Extreme Light

In most situations you can't choose your light, and have to use what's available. Situations with extreme differences in light-intensity are a little problematic even for modern digital cameras. Most digital cameras have a lower dynamic range than analog film, and both won't even get close to the range of the human eye. Especially night shots are sometimes difficult to handle:

Workers and lamps highly overexposed.

Workers and lamps highly overexposed.

With several different exposures of the same scenario, you can handle that problem with a procedure called DRI ("Dynamic Range Increase"). There are a several DRI-guides available in the net, one of them will be found below.

With a little experience results can be amazing:

Upon some request I decided to add one more DRI-guide to the public. Even though there are some tools available, which do that automatically, I still prefer doing DRI the hard way by hand, since you alwas keep control about parameters etc. With a little experience this is not that difficult either.

The DRI-process will help you to create attractive images even under extreme light conditions, when a normal exposed image will contain over- and/or underexposed parts. You're getting exactly these problems during night-shots, when the source of light steps into your frame.

I've choosed an image where even in that small resolution the effects of DRI are clearly visible:

Our human eyes handle such conditions pretty good. Digital cameras do not have such a huge dynamic range and ran into problems, when confronted with such. You normally have to decide, if you prefer correct exposure on the lamps or the water, for example:

Facades visible, water looses structure, lightcircle overexposed.

Lightcircle and water acceptable, anything else too dark.

When you compare both images with the result above, you'll notice that the facades are taken from the brighter image, water and light came from the darker one. The tricky part is to combine these elements and make transistion nearly invisible. Depending on the source-images and your workflow this will succeed more or less.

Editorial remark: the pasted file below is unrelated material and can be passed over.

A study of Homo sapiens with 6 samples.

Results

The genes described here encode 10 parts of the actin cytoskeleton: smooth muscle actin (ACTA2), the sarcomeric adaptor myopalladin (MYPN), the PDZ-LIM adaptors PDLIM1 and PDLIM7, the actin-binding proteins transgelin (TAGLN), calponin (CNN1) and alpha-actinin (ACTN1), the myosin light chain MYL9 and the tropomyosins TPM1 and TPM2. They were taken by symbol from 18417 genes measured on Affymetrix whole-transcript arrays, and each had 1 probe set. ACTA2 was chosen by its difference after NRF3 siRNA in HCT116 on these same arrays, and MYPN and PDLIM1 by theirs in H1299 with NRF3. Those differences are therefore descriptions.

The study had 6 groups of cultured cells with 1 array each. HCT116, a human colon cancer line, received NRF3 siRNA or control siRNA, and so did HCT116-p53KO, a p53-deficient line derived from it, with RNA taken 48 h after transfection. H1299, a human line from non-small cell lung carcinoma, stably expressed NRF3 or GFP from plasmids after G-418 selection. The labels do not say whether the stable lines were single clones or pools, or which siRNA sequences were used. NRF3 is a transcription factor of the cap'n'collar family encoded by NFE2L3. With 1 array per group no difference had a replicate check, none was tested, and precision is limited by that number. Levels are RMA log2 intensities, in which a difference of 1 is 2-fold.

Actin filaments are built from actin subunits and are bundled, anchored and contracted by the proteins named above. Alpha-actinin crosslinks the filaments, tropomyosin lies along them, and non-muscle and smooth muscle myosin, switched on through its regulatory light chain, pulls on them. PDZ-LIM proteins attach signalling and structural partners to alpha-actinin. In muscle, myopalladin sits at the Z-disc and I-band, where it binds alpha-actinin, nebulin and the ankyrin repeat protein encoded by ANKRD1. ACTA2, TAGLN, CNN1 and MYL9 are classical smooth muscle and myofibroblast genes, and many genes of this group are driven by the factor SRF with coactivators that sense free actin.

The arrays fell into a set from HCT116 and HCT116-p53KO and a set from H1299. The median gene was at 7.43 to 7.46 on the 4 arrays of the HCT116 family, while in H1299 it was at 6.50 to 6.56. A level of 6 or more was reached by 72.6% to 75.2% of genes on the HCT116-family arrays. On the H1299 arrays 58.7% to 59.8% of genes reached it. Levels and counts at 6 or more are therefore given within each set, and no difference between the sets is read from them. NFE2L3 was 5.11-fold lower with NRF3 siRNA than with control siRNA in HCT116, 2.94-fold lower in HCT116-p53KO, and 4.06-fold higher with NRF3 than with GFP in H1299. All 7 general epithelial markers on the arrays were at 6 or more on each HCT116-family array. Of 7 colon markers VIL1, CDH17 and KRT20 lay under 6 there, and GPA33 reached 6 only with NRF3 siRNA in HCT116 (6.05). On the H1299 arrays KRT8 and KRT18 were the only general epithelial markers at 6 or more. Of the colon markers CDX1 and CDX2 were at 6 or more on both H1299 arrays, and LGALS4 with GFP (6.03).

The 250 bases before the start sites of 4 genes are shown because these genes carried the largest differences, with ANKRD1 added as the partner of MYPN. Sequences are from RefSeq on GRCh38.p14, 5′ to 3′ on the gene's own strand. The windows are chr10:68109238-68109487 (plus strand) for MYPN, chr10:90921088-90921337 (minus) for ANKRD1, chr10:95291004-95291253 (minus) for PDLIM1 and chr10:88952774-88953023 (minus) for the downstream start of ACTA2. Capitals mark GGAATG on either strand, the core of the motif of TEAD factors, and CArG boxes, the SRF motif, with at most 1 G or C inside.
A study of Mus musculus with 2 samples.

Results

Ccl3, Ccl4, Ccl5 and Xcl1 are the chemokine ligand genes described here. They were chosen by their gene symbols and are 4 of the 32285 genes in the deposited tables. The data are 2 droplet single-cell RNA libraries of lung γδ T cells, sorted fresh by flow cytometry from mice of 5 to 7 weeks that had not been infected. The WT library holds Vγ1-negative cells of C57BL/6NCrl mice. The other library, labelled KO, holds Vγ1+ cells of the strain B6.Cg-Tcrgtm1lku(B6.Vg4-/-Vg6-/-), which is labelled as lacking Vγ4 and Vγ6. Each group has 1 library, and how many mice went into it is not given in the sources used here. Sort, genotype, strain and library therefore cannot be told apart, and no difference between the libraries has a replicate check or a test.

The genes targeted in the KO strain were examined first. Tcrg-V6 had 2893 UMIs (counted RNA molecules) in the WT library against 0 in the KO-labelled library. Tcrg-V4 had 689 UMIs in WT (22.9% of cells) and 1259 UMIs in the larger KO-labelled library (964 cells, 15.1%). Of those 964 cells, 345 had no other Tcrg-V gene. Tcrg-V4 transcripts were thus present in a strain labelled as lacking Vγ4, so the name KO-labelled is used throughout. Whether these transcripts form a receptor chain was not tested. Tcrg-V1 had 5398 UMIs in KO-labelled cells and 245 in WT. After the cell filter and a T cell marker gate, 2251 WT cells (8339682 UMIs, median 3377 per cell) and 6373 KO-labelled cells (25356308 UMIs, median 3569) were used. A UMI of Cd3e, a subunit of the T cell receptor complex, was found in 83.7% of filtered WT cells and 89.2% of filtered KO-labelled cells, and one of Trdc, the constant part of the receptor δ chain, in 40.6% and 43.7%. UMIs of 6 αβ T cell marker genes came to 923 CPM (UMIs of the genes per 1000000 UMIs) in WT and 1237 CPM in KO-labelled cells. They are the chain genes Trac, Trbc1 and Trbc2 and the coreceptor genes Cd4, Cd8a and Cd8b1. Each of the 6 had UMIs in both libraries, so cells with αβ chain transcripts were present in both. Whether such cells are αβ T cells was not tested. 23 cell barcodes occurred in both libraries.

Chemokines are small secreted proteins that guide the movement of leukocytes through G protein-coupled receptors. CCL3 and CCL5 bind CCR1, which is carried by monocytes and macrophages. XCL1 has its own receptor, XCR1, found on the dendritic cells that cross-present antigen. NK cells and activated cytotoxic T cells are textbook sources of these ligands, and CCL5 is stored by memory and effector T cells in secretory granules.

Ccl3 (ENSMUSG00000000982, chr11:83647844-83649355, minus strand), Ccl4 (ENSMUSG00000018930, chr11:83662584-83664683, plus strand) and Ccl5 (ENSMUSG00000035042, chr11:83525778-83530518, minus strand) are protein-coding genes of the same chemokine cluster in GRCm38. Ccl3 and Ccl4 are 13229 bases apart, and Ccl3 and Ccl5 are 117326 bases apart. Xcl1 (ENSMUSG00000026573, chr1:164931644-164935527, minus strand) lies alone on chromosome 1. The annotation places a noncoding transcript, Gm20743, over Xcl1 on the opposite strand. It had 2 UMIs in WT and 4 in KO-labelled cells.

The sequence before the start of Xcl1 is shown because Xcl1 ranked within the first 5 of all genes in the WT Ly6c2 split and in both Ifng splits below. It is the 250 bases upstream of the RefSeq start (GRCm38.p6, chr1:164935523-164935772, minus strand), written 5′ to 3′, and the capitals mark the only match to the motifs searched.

To make DRI by hand you first need some congruent images from the same scene, which only differ in exposure-time (not in aperture!). How many pictures you need, highly depends on the light conditions and how your camera's sensor handle overexposures. My D70 has some blooming and bright pixels tend to flood their neighbors, the D200 handles them much more gracious.

For this example we're using only four images (D70, 12-24@12, f/9, 6s-0.7s, Whitebalance set to neon tube):

Then you'll need an imaging application which supports layers and transparent masks. Create a new project file and insert all your source-images as separate planes. The brightest layer should be on the bottom or background. In Photoshop 6 in 2005 this looked something like the snapshot left.

Begin your work with the lowest, the brightest layer. Disable all the other layers and select the brightest one. Now select all overexposed parts (highlights), in Photoshop there is a handy function already included (Select -> Color Range), which do that for you with a few mouse-clicks:

After accepting your selection, the selected areas will be marked as you see in the image above. Notice that in our example the fountain is selected but not the larger areas of the water. Since I also want to replace the surface of the water with a darker variant, I just use the mask-mode to add that surface to the mask manually.

The final selection in general has too sharp edges, especially when your sensor does some blooming around overexposed pixels. So we have to smooth the selection, what photoshop already has another handy function for. The tricky part is to specify the softness-factor in pixels (Sample radius). There is no table of correct values, as they depend on several individual factors like your images, what you want to achieve etc. You'll have to experiment a little, until you get the results you like, this is the art-factor within this process. As a rule of thumb you should know, that the width should be halved for each processed layer. In our example I've choosed 50, 25 and 12 pixels.

The final selection with the soft edge is now added to the next layer above as a mask, which effectively cut away anything outside your current selection. This is the part where darker areas are kept from the lower layers and their brighter parts being replaced by the layer above. You'll have to repeat this for each layer until you placed a mask for the highest layer. In Photoshop this will look like the snapshot on the left.

You can easily see, that the masks are getting sharper to the top and that I obviously added the water to both of the lower masks, so the water's surface is ultimately taken from "Layer 2".

In the final step all layers are reduced to the background and you can optimize the general impression with adjustment of contrast, brightness and saturation. Remember, DRI is more an art than realism and so you're free to form the result based upon your personal taste.